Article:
France and Germany follow UK in announcing missions

The French frigate Prairial, right, participated in a replenishment exercise with the U.S. and Japan during February. (Photo courtesy of Japan's Maritime Self-Defense Force)

TOKYO -- Major European countries are sending warships to the Indo-Pacific region amid mounting suspicion toward China over its political crackdown in Hong Kong and handling of the coronavirus outbreak.

On Wednesday, the French Embassy in Tokyo posted an article describing the activities of a frigate in Asian waters.

"The frigate Prairial is currently deployed in Asia-Pacific where it is participating in the system to fight against the circumvention of United Nations Security Council sanctions by North Korea," the embassy said. "It is one element of our work for the benefit of security in the Indo-Pacific region."

In an earlier post, the embassy noted that the Prairial had made a technical stopover in the Japanese naval port of Sasebo, in Nagasaki Prefecture, and had stayed for four days.

It was reminiscent of a port call by the British flagship amphibious assault vessel HMS Albion in 2018 to Yokosuka, Japan, home to the U.S. 7th Fleet, where the ship underwent maintenance. The port calls signal to potential adversaries that the navies have friendly ports in the region that they can depend upon when needed.

A joint exercise last month involving France, the U.S. and Japan underscored the trend. The Japanese replenishment ship Hamana refueled the Prairial near Kyushu in southwestern Japan in the first operation of this kind since an acquisition and cross-servicing agreement between the two countries took effect in 2019.

In December, the French nuclear submarine Emeraude conducted anti-submarine exercises with the American guided-missile destroyer USS John McCain and Japanese helicopter carrier Hyuga in the Philippine Sea. This marked the first time that Japan's Maritime Self-Defense Force and the French Navy participated together in a submarine exercise.

"This trilateral exercise with the United States Navy and the French Navy not only develops tactical skills but also contributes to a 'free and open Indo-Pacific' based on the rule of law and freedom of navigation," said Capt. Shingo Hamasaki, commander of the MSDF's 3rd Escort Division.

With military bases in New Caledonia and French Polynesia, Paris considers itself an Indo-Pacific power. France also views China's rising influence in the region as a cause for concern.

Germany, meanwhile, will send a frigate to Asia from August, senior government officials in Berlin said Tuesday.

On the return trip, it will become the first German warship to cross the South China Sea since 2002, Reuters reported the officials as explaining.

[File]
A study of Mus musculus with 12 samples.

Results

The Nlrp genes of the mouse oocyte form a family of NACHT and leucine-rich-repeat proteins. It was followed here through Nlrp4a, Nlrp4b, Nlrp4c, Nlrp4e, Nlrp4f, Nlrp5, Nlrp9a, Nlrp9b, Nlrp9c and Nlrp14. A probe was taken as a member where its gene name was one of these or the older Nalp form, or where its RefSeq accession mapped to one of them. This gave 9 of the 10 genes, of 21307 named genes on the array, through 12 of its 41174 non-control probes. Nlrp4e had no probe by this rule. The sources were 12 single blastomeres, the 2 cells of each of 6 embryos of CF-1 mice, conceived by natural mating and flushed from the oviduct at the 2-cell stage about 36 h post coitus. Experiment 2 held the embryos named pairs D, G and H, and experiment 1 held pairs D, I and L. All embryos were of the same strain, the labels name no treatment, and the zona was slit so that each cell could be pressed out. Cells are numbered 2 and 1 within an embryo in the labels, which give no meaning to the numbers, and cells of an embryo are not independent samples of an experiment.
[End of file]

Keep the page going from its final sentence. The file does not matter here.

The ship will not pass within 12 nautical miles of contested islands in the sea, the officials in the foreign and defense ministries added.

Beijing's "nine-dash line" territorial claim covers almost all the energy-rich waters of the South China Sea. China has established military outposts on artificial islands.

Washington says no coherent legal basis exists for China's nine-dash line claim, and the U.S. Navy regularly conducts "freedom of navigation" operations in which American vessels pass close to some of these islands, asserting freedom of access to international waterways.

But the German announcement may have unintentionally exposed Berlin's inexperience in the South China Sea.

Collin Koh, a research fellow at the S. Rajaratnam School of International Studies in Singapore, noted in a tweet that it would have been better for the Germans not to have claimed they will stay out of the 12 nautical mile range.

"I understand many navies, regional and extra-regional, would strive to stay outside [12 nautical miles] from the contested feature because doing so could become unnecessarily provocative to the claimants. But some things are better not said openly lest they're taken as endorsement for claims," he wrote.

Koh said such a proclamation unwittingly "legitimizes erroneous claims" for certain South China Sea features.

The moves by France and Germany follow the U.K., which increasingly looks to the Indo-Pacific in the post-Brexit era. In addition, relations between London and Beijing have soured over the enactment of new security legislation last year in Hong Kong -- a former British colony -- which the U.K. says undermines the territory's autonomy.

The Royal Navy aircraft carrier HMS Queen Elizabeth is set to deploy to the region after spring, accompanied by a strike group including submarines and destroyers, in a show of force aimed at China. The carrier is slated to participate in exercises with F-35B stealth fighters belonging to the U.S. and Japan.

Japan sees increased European engagement as a golden opportunity to further its vision of a free and open Indo-Pacific. Foreign Minister Toshimitsu Motegi welcomed Europe's increased interest in the region when he addressed the European Union's Foreign Affairs Council in late January and called for cooperation in areas including maritime security.

U.S. President Joe Biden and his administration are working to mend ties with Europe as part of an increased focus on international alliances. In a speech at last month's Munich Security Conference, Biden called the relationship a "strong foundation" for shared security and prosperity.